After studying law I vectored towards journalism by accident and it's the only job I've done since. It's a job that has taken me on a private jet to Jaisalmer - where I wrote India's first feature on fractional ownership of business jets - to the badlands of west UP where India's sugar economy is inextricably now tied to politics. I'm a big fan of new business models and crafty entrepreneurs. Fortunately for me, there are plenty of those in Asia at the moment.
Last Position: Chief commercial officer, Vodafone India
Education: Indian Institute of Technology, Bombay
Career: Started at Shaw Wallace & Company and went on to join Pepsico India; had a short stint with Navin Mail Services in between
Hobbies: Poetry, exercising
Q. You’ve been with Vodafone for 11 years. During this period, the industry has evolved a lot. How has the journey been?
It has been the most exciting 11 years of my career, from impacting nearly 100,000 people to impacting millions. When I joined the company, telecom was still very niche. We had only about 600,000 customers and Rs 500 crore in revenues. The industry was focussed on income markets. We would tap into metros; and we were doing very well in Gujarat where income levels were good. But we didn’t want to go to UP or Bihar at that stage. Those were still the days when incoming calls were charged. The concept of the calling party paying was implemented in May 2003. When that happened, the market moved from an income basis to a population basis almost overnight. It started exploding and we began to run out of capacity. That is when a lot of new technology came in.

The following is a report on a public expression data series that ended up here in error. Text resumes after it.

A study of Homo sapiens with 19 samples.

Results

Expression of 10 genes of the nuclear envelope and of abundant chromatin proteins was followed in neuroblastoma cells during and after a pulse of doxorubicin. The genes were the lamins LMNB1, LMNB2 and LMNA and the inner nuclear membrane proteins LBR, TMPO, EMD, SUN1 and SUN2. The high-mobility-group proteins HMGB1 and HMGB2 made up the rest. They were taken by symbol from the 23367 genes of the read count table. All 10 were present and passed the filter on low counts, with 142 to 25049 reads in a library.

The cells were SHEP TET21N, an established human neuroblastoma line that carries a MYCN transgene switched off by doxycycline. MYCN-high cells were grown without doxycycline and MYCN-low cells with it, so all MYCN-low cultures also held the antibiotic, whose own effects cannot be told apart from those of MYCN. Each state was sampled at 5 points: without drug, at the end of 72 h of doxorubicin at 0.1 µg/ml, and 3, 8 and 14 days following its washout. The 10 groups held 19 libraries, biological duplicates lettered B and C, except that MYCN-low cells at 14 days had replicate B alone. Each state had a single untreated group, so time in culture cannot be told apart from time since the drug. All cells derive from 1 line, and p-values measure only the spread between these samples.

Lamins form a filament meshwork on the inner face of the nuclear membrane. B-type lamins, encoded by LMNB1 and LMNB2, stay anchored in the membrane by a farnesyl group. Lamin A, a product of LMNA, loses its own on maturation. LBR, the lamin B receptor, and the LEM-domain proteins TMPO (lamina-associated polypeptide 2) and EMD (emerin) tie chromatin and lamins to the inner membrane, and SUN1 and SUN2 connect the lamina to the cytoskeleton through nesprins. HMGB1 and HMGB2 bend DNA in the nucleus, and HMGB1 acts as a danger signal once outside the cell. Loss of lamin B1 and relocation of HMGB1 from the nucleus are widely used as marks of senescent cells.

Q. What were the toughest challenges you faced?
The toughest challenges were to do with the regulatory environment. Some aspects are difficult, like the manner in which customer acquisition forms are filled. India is constantly under threat and we need to be careful. Personal identification of people is a little uncertain. It is always a challenge to ensure that these records are maintained. Regulatory changes keep happening to seemingly benefit the customer and we have to be pretty fleet-footed to manage this. During the Hutchison days, there was a lot of negative talk about the company and it being owned by a firm called Orascom; as executives we felt a little weird. At the end of the day, seeing the massive edifice that you’ve built is a matter of immense pride.
Q. Why did you move on soon after being promoted to the post of chief commercial officer?
The process of change started in my mind last November. That was when I turned 48 and thought I’ve another 10 years to go officially. What do I want to do in the next 10 years was the question in front of me. I saw Vodafone and it was a bit like driving QE2—a big ship—but it is well-run, so all you do is sit in your cabin. Vodafone has all the systems and processes in place. Moving on was a very difficult decision. When I looked at different businesses, health care was the one that attracted me. I didn’t want to join another large company. With all the travelling I’d done, I came across a developing technology that was based on creating connectivity platforms that would enable health care to be provided at remote locations. That’s what I plan to do now.